Little Women (1949) - Drama with Peter Lawford and June Allyson

What can you say about a story that, despite having been written 145 years ago, still resonates with people enough to be on reading lists all over the world and popular enough to be adapted for film, radio and stage? It's been dissected by people of all ages, formally and informally

What is there left to say?

I can only give you my own personal history with Louisa May Alcott's Little Women, particularly that with the 1949 MGM film version of the novel.

Stories with several prominant characters tend to stick around because chances are increased that everyone in the audience will identify with someone. In Little Women, the March sisters - Meg (disposed to propriety), Jo (adventuresome), Beth (shy and retiring) and Amy (artistic and manipulative)- are totally different from one another. 

Yours truly admired Jo March.  She loves writing- a passion that I shared in childhood as I do now. For this reason Jo was on my list of great fictional heroines alongside Anne Shirley.  Jo is creatively bent and likes to break rules. As she ages, goes through tragedy, learns from her mistakes, Jo matures.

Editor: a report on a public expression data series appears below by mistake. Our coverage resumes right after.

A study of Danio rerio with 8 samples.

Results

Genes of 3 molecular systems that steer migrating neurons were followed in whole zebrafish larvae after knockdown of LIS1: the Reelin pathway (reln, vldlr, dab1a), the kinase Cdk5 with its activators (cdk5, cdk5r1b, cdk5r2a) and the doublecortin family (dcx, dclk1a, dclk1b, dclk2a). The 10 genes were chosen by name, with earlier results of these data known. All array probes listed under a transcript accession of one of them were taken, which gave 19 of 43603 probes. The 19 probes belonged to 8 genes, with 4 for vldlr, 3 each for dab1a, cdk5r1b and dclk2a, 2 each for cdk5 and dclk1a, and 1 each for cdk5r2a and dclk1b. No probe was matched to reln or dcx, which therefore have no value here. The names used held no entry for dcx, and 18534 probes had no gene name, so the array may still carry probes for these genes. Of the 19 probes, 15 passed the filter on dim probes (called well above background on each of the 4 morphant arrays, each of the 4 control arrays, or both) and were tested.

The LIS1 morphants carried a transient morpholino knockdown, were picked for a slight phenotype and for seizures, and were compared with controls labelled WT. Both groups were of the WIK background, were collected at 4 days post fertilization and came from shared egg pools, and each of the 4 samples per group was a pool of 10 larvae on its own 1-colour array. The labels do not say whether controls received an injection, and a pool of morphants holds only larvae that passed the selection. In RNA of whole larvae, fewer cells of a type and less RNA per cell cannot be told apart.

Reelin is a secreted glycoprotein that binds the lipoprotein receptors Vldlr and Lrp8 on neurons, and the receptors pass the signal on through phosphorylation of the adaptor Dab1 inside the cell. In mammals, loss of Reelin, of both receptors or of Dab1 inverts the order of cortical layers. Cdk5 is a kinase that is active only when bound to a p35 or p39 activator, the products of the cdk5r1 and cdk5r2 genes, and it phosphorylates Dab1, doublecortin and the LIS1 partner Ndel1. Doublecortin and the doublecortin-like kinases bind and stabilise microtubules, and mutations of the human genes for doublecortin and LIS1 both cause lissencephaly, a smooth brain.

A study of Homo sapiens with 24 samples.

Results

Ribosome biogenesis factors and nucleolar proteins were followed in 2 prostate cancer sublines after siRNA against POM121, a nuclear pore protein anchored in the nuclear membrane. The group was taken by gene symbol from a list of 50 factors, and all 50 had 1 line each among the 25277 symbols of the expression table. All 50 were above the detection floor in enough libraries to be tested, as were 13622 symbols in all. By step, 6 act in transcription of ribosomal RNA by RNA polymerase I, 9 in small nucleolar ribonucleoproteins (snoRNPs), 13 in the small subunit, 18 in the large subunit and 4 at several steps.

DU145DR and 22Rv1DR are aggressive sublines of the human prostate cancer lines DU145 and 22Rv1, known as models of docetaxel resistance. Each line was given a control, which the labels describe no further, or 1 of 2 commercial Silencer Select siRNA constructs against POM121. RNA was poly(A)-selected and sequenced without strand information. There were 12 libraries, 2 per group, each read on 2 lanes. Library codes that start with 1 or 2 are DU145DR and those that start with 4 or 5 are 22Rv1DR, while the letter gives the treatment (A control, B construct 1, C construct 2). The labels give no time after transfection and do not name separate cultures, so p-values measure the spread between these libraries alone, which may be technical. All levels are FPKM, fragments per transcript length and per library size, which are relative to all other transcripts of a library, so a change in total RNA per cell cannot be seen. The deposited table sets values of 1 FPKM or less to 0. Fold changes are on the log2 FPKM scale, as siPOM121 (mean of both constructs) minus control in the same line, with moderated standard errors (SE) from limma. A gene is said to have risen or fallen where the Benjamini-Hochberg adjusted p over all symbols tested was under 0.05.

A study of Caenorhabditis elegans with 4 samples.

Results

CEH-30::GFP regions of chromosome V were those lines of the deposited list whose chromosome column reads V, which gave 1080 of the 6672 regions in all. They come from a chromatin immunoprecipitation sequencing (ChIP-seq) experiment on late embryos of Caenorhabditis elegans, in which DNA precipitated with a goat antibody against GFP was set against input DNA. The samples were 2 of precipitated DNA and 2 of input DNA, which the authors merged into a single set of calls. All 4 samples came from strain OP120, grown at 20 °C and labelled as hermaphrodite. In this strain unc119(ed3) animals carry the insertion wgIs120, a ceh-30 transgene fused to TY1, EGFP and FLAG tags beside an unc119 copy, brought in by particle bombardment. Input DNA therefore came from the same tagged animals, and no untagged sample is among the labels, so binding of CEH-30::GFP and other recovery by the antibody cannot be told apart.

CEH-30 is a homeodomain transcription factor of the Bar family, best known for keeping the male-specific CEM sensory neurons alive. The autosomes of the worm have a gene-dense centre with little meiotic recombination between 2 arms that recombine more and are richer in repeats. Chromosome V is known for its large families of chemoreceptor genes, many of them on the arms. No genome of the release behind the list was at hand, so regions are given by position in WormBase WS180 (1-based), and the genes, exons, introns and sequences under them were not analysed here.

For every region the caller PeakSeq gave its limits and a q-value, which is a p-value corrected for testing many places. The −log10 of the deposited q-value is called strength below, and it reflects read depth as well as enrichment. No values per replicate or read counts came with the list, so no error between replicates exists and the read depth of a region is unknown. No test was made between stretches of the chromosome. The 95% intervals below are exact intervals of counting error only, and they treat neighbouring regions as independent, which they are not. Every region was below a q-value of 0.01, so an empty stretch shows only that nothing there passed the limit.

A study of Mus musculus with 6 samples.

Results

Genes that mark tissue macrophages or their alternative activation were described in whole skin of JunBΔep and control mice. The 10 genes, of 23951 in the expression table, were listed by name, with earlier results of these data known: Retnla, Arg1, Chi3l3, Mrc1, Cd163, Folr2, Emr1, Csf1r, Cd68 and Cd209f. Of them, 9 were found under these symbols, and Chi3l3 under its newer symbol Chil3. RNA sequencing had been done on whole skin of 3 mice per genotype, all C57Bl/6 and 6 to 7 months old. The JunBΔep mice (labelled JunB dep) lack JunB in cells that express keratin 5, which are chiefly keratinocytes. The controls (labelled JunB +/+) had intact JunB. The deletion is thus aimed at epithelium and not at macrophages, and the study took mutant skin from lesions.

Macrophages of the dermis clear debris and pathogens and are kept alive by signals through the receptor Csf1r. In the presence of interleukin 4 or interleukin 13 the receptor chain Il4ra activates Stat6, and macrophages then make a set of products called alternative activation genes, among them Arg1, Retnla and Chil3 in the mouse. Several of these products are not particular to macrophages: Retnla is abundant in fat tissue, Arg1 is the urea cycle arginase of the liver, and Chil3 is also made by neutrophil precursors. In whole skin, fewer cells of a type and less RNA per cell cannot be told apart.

In the 1933 film version, Katharine Hepburn's tomboyishness is well-suited to young Jo. In the 1994 version, Winona Ryder plays Jo's innocence better than anyone else on film. But the mature phase of Josephine March belongs to June Allyson. 

Though I love the wild and wooly Jo, running down the street without hairpins, leaping over fences and yelling, it was June Allyson's soft-spoken confidence as older Jo that led me to appreciate that phase of the character's life long before I was that age myself.

Though I admired Jo's career, I more fully identified with a different character. When watching the 1949 version as a child, I identified with next door neighbor Theodore Laurence (Peter Lawford). He's shy, awkward and nervous in a way that isn't quite captured in the other film versions. But, unlike Beth, he's game to take on the risks of social interaction after much deliberation. Social stuff was very unpleasant for me as a kid, so when this character wistfully looks out on the neighbors, wanting to join in the fun but not knowing how, I understood him.

Every other adaptation of Laurie/Teddy makes him quite confident whether he's doing something foolish or wise, which works in its own way. However, in Lawford's version,  Laurie is so unsure of himself that when he finally works up the courage to offer Jo marriage - a pivotal moment in their friendship- there is gravitas to the scene that seems missing in other adaptations.

Thus, I love this version for many reasons, but mostly because Jo presents a version of the future I wanted to pursue, and Laurie presents to me a mirror.

  • Have a marathon of Little Women movies. Which version do you like best?